Gibran Hamdan has worn the recognizable threads of the Washington Redskins, San Francisco 49ers, Miami Dolphins and Buffalo Bills. Now, the 30-year-old former NFL quarterback and current Edina resident wears Alial Fital.
Hamdan started the Alial Fital shirt brand in January, and his roster includes NFL players Larry Fitzgerald and Matt Hasselbeck—as well as a growing number of local men.
Hamdan was a journeyman quarterback who bounced around from the bottom of one NFL depth chart to the next. He completed one pass for seven yards during his rookie season. Seven years later, those stats would remain his career NFL totals.
As he went from the west coast to east and across the Atlantic Ocean to NFL Europe, he tried to remain creative between practices and games. The 6-foot-4, 220-pound man dabbled in acrylic painting and playing guitar.
“The guys would joke that I was a renaissance man,” Hamdan says.
He got his start with art while growing up in San Diego and suburban Washington D.C., but as football and baseball took up more time, art wasn’t always an active hobby.
“It was always something that I enjoyed doing. I always enjoyed design and colors,” says Hamdan, who earned a marketing degree and played baseball and football at Indiana University. “I knew I wanted to put things into the world that weren’t there before. I always relished that opportunity to make something from scratch and it being there.”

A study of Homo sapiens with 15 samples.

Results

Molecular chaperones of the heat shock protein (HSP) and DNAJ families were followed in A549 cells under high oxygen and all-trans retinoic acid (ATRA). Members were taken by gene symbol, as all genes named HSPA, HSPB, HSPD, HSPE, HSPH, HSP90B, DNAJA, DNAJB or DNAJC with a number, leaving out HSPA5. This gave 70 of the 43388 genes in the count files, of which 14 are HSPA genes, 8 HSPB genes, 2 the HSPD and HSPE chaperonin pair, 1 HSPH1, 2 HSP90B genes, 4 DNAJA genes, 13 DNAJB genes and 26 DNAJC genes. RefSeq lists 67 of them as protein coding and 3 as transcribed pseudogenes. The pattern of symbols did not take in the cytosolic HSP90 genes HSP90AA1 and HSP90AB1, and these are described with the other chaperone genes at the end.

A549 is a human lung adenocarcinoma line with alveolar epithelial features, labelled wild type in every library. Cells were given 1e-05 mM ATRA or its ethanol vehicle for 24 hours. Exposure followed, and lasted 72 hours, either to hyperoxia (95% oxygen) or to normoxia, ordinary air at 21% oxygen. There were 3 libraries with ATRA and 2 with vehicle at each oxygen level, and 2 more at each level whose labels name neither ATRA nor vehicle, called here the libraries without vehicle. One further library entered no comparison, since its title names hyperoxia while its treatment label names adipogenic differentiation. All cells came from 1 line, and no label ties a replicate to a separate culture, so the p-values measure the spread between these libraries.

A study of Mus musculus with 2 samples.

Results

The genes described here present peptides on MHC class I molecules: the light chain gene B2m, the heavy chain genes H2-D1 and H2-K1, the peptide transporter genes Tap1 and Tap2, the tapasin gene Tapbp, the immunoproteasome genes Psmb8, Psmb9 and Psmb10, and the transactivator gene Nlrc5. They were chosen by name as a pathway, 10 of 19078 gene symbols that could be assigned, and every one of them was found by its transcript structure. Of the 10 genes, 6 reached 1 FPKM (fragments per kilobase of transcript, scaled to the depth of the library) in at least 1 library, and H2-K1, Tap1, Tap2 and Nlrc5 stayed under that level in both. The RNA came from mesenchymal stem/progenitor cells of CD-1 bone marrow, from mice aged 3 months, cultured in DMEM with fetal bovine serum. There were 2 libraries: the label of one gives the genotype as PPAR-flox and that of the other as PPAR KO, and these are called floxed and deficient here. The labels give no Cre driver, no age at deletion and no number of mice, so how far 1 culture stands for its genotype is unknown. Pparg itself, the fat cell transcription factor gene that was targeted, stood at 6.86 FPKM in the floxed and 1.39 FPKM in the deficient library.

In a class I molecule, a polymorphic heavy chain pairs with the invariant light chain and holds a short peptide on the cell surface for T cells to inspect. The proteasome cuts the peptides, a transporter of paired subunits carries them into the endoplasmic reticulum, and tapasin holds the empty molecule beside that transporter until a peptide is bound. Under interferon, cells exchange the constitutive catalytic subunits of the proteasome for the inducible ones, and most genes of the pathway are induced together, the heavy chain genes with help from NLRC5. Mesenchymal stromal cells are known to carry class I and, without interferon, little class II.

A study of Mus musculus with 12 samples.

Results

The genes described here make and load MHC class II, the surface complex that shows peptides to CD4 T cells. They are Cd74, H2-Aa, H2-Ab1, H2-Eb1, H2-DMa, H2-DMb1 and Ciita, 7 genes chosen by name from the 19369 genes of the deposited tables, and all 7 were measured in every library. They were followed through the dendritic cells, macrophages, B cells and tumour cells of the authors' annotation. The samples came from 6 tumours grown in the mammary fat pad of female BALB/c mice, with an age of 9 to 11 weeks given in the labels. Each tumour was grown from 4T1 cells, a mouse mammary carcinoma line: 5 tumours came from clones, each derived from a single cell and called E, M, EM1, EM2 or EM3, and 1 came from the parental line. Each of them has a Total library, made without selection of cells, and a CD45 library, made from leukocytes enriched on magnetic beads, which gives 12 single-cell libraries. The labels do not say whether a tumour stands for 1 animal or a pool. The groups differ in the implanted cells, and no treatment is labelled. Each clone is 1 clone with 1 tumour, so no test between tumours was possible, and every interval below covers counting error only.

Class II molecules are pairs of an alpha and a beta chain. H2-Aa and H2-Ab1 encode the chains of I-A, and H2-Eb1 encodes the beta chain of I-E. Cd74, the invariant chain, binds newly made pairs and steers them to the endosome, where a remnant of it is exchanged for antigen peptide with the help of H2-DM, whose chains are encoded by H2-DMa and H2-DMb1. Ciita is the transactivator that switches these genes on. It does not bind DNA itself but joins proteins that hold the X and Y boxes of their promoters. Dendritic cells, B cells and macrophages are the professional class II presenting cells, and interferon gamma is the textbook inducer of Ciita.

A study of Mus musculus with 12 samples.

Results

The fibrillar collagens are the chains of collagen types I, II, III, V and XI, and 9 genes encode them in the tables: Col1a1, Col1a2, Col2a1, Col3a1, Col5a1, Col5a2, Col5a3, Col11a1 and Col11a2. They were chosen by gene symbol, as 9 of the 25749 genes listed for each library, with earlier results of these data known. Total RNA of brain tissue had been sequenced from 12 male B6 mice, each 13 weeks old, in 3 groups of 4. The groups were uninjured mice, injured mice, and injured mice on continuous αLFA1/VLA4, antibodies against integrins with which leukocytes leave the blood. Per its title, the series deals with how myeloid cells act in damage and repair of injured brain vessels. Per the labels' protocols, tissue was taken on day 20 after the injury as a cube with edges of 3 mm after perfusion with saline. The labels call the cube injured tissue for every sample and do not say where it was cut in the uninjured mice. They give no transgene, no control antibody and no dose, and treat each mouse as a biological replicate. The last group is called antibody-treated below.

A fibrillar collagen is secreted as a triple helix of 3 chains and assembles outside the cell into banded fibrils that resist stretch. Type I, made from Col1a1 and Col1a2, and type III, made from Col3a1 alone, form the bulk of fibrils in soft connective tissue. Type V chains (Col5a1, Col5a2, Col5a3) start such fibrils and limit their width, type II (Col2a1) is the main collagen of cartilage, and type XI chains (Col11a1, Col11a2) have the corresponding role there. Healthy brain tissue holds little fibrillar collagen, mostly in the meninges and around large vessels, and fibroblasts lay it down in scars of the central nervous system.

Hamdan, however, kept art over there. After marrying Jenny Grant, the granddaughter of Hall of Fame coach Bud Grant, he flew to Toronto to play the 2010 season in the Canadian Football League. Two days into training camp, his body was in fine shape and the starting quarterback position was his to lose, but his heart wasn’t in it.
For the first time since he strapped on the pads his freshman year of high school in Virginia, the passion was gone.
“It wasn’t the same for me anymore,” Hamdan says.
He came back to Edina, contemplating his next move. He considered a career as a TV commentator, but there were drawbacks, he said.
Before heading off to Toronto, he played around on Jenny’s sewing machine. That’s where his mind returned after football was over.
“There was a shirt I wanted that I can’t find in the stores,” Hamdan recalls. “I taught myself the art of pattern making and designing it from scratch to fit a certain body type. That was very important to me.”
He was looking for a form fit on the body with longer length. It needed to be made of comfortable cotton.
“Something that a guy would look in the closet and say, ‘That is a comfortable shirt. I want to wear that,’” Hamdan says, “but you would have a real collar, and if it was long-sleeved, a cuff. You could go out in a date in it. I wanted a hybrid shirt.”
Amanda Kautt of St. Paul bought two shirts as a gift for her husband, Jay. He soon bought two more.
“I immediately loved them—the feel, the fit, the cut, the design,” Kautt says. “[Hamdan] wrote me a hand-written note saying I was the first person in the country to have the golden belt polo shirt. He delivered it to me.”
Hamdan says that respect is a key part of his business.
Hamdan, the first NFL player of Pakistani decent, says his principles come from his Pakistani mother, Laila, and Palestinian father, Latif.
Spell those names backwards and you get Alial Fital, a tribute to his parents.
Check out Hamdan's clothing line Alial Fital online.